Our bile duct cancer program offers a variety of techniques in the areas of surgery, radiation and gastroenterology procedures, as well as novel investigative approaches. A multidisciplinary team of bile duct cancer experts makes treatment recommendations based on each patient’s unique diagnosis.
Bile duct cancers are classified based on whether they can be completely removed (resected). Depending on the size and location of your tumor, the cancer may be removed by surgery. These surgeries are:
Surgery for resectable cancers: For these cancers, the location determines the surgical procedure to be performed. For intrahepatic bile duct cancers, a partial hepatectomy (removal of part of the liver) is commonly done. For perihilar (tumors that form where hepatic duct branches leave the liver) and distal (near the small intestine) bile duct cancers, the bile duct and nearby lymph nodes along with a part of the liver, gall bladder, pancreas and/or small intestine are surgically removed, depending on the stage of the disease.
Surgery for unresectable cancers: For patients with unresectable tumors (those that cannot be removed with surgery), a variety of innovative treatment options are available, including radiation therapy and ablative therapy. In some cases, surgery may be an option to help control or reduce symptoms caused by a bile duct tumor. A biliary stent or biliary catheter may be inserted into the bile duct to keep it open when the tumor is blocking the bile duct. Another option is a biliary bypass to allow bile to reach the small intestine and reduce symptoms, such as jaundice or itching, by connecting parts of the bile duct before and after the blockage.
Some gastrointestinal (GI) procedures for bile duct cancer include:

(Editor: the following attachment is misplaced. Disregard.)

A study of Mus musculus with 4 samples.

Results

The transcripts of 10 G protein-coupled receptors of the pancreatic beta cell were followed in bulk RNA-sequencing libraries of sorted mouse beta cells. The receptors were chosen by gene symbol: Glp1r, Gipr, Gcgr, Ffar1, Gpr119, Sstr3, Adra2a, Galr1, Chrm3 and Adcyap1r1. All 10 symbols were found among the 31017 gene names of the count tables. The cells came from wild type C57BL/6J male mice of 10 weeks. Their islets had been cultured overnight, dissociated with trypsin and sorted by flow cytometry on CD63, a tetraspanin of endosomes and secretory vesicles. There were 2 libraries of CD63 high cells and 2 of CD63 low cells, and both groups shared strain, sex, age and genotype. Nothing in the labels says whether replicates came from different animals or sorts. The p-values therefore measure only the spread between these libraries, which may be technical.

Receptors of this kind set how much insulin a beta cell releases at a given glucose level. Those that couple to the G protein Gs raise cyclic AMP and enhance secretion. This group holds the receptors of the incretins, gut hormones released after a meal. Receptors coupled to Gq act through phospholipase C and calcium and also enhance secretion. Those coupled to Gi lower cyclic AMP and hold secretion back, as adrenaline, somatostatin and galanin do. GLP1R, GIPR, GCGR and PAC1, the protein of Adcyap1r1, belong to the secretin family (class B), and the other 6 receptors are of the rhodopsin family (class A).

ERCP (endoscopic retrograde cholangiopancreatography) allows a view of the bile ducts in order to remove samples for biopsy, relieve an obstruction of the bile duct or place a stent into a narrowed duct to keep it open.
Balloon dilation for obstruction
Photodynamic therapy (PDT) is an innovative treatment that uses light-activated drugs (or photosensitizing agents) and a light source to kill cancer cells.
With advanced radiation therapy delivery systems, radiation oncologists are better able to target difficult-to-reach tumors in the bile duct and direct higher radiation doses at bile duct cancer cells, while reducing exposure to normal, healthy tissue.
A number of radiation therapies may be recommended to treat bile duct cancer, depending on the patient’s stage and location of the tumor(s). Commonly used radiation therapies for this cancer type are:
External beam radiation therapy (EBRT): This painless procedure poses no risk of radioactivity to the patient or those who come in contact with the patient. EBRT also does not carry the standard risks or complications associated with bile duct cancer surgery, such as surgical bleeding, post-operative pain or the risk of stroke, heart attack or blood clot.
Intensity modulated radiation therapy (IMRT): This treatment may be recommended for recurrent tumors in the previously treated area. IMRT allows radiation oncologists to use higher radiation doses than traditional therapies would allow in these areas, while helping to spare more of the surrounding healthy bile duct tissue from harmful doses of radiation.
Intraoperative radiation therapy (IORT): IORT delivers a single, powerful dose of radiation to a tumor site immediately after a bile duct tumor is removed. IORT may help reduce the risk of recurrence, as well as reduce the need for additional radiation treatments.
TomoTherapy®: This innovative radiation treatment is delivered by a machine that combines a form of intensity modulated radiation therapy (IMRT) with the accuracy of computed tomography (CT) scanning technology. The technology uses built-in CT scanning to confirm the shape and location of a bile duct tumor seconds before treatment begins and targets hard-to-reach bile duct tumors by sculpting small, powerful and precise radiation beams at the tumors from a full 360 degrees. It also may lessen treatment-related side effects by reducing damage to nearby healthy tissue and allow the spine, muscle tissue, lungs and other sensitive organs to avoid radiation exposure.
Photodynamic therapy: Uses light-sensitive drugs to target bile duct tumors. This may be a preferred option for patients with unresectable (tumors that cannot be removed with surgery).